Governance gap analyses; a must-have for progressive firms

A better understanding ensures effective and efficient operations

 

Kuwait City, January 4, 2012: The imminent EU zone financial crises could spill over to the MENA region and have a limited impact on the regional economies. Regardless of a slacking EU zone economy and a decline in crude demand, the Gulf would be relatively insulated from the turmoil as the OPEC members have taken measures to offset the crises.

Though the local banks have limited exposure to non-performing loans in the EU banks, many institutional investors, including SWFs and investment banks, have investments locked up in distressed European assets. As the situation is still beset with uncertainty, monitoring how the events unfold globally and maintaining internal flexibility would be the key.

Mr. Tarek Shashaah, Partner, Grant Thornton Al Aiban & Al Qatami Co., opines “Though the economy locally could suffer, the possible slump in the future would further necessitate the implementation of corporate governance in company’s management and operations. In every aspect of financial industry, the regulatory environment is becoming increasingly demanding, dynamic and complex”.

Kuwait’s Capital Market Authority (“CMA”) bylaws were launched in Kuwait’s official gazette Alkuwait Alyoum, on 13th March 2011, bringing the law in effect to regulate the securities activities carried out by firms. The law will play a vital role in regulating market activity, promote accountability & governance, educate the masses and enable fairness by acting as an independent body

Referring to the stringent Central Bank of Kuwait regulations and recent slew of laws and bylaws laid down by the Capital Market Authority, he emphasizes the importance of management initiatives in the collective effort to ensure proper governance system are in place. As increased levels of diligence in governance and policy implementation are built as a result of CMA & CBK regulations, on top of current enterprise compliance foundations, the discipline of governance gap analysis has gained significant importance. When executed properly, effective governance gap analysis will create corporate value and make existing policies more efficient and effective at addressing risks and responding to crisis. With the advent of these regulations and the related guidance, additional focus has been placed on the design and effectiveness of corporate governance in all companies. Management and the Board of Directors are much more cognizant of the need for an effective system of internal control.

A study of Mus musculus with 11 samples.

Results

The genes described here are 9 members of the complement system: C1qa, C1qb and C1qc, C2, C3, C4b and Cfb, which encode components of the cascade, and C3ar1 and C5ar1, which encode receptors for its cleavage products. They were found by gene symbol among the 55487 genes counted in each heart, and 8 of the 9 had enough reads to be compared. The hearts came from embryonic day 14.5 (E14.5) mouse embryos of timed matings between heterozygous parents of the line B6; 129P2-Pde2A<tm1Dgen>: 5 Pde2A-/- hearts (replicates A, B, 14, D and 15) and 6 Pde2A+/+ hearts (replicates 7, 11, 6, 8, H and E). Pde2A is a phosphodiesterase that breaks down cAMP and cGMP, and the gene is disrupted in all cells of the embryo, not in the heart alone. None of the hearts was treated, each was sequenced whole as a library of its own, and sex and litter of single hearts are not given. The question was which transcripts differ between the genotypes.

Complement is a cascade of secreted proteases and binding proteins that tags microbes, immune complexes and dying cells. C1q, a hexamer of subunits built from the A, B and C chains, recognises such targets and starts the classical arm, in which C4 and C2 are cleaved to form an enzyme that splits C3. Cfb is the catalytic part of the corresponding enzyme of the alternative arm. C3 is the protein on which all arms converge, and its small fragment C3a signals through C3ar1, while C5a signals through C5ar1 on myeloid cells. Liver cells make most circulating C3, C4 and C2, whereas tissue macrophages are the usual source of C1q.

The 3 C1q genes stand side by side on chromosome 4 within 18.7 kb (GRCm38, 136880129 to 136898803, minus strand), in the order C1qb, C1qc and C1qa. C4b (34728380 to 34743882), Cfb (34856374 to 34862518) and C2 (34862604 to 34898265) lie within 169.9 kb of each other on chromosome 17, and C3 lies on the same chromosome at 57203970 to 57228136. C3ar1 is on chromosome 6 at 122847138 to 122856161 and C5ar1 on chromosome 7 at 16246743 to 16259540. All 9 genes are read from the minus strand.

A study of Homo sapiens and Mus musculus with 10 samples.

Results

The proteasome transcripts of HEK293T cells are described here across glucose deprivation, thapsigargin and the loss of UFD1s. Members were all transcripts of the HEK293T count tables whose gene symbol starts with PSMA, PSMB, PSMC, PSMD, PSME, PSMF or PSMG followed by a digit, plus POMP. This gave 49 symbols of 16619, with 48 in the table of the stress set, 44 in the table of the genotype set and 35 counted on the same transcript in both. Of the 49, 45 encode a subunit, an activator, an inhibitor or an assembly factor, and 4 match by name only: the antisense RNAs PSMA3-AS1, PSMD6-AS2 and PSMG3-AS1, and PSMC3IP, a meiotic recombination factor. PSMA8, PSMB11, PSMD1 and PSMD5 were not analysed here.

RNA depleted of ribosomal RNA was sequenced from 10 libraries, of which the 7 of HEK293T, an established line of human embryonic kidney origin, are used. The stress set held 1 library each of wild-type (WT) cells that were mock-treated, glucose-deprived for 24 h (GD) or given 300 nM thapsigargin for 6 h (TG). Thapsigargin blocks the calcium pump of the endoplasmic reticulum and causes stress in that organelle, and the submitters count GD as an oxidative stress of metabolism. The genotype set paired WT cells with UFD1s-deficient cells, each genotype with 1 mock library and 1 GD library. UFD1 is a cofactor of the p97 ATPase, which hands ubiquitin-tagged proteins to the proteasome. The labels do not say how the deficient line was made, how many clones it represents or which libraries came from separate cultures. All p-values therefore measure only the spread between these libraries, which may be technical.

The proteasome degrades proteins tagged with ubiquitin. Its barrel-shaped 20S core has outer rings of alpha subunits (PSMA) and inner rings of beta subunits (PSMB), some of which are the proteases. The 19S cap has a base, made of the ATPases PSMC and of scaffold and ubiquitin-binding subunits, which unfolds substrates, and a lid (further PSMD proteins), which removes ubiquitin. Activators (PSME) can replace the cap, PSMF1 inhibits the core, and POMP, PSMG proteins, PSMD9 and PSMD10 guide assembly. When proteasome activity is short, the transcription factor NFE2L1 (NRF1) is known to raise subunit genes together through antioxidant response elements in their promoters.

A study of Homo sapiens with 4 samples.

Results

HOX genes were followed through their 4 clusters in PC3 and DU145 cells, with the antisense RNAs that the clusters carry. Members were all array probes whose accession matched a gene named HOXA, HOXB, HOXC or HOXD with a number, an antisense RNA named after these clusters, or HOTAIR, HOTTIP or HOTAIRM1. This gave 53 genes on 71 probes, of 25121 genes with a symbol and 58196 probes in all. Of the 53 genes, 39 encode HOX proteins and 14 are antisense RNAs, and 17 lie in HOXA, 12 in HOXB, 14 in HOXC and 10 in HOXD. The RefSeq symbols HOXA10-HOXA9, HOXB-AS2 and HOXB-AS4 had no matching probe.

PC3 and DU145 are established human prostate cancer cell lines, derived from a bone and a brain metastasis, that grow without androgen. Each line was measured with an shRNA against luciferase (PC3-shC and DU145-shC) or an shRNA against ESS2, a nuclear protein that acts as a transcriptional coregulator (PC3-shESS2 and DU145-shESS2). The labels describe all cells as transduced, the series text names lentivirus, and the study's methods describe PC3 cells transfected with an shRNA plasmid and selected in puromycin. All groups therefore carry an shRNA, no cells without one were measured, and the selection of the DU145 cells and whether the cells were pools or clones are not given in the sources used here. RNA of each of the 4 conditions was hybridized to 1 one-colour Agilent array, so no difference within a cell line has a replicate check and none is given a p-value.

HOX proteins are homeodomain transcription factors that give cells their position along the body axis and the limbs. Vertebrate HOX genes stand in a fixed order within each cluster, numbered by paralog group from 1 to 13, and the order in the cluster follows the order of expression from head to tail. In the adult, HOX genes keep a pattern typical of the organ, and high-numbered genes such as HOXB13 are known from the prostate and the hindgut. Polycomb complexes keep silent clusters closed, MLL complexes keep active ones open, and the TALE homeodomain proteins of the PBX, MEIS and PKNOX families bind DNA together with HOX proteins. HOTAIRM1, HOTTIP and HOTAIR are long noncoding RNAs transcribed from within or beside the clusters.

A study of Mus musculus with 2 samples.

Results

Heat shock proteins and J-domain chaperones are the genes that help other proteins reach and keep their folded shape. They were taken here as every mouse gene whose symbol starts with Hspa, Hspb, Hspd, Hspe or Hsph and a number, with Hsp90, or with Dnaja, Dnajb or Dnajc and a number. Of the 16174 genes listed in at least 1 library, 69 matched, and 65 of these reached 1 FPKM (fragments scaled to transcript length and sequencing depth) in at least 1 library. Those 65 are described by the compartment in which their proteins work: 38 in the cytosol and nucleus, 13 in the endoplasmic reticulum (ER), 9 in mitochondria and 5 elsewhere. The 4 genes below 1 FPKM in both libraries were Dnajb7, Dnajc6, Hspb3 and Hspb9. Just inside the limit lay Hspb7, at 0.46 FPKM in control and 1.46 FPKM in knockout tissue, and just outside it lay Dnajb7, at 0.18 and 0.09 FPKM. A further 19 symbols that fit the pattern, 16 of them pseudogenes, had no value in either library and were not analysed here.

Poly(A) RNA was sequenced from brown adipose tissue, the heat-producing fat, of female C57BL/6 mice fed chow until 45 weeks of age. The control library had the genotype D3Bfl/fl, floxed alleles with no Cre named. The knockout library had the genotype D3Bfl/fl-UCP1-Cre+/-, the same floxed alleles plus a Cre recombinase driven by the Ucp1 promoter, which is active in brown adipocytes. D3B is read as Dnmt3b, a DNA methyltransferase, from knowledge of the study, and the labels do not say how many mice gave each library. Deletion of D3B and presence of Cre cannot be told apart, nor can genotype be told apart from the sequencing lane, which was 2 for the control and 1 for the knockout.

Governance gap analysis focuses on current corporate governance policies and processes (as well as the technology that supports them) and benchmarks the existing governance modus operandi to industry best practices as per local laws and with companies that are similar in organizational structure, assets, liabilities and business objectives within the regulatory framework the companies operate in. Given the recent CMA regulations, this gap analysis practice will give an enterprise a clear understanding of as-is realities from which weaknesses and strengths in the governance framework can be assessed.

Ultimately, stakeholders can be provided with a platform for effectuating a robust action plan of rectification and improvement.

At Grant Thornton | Al Aiban & Al Qatami Co., we provide a host of CMA mandate and business process improvement services by conducting risk assessment, control reviews, process level control reviews across all functional domains (including IT, HR, Operations, Finance, Accounting etc.), COSO based internal control testing and policies and procedure development. Our business process solutions team uses state-of-the-art tools to provide companies with a participative framework for developing a risk based governance gap analyses plan and generate a risk aware culture within your organization.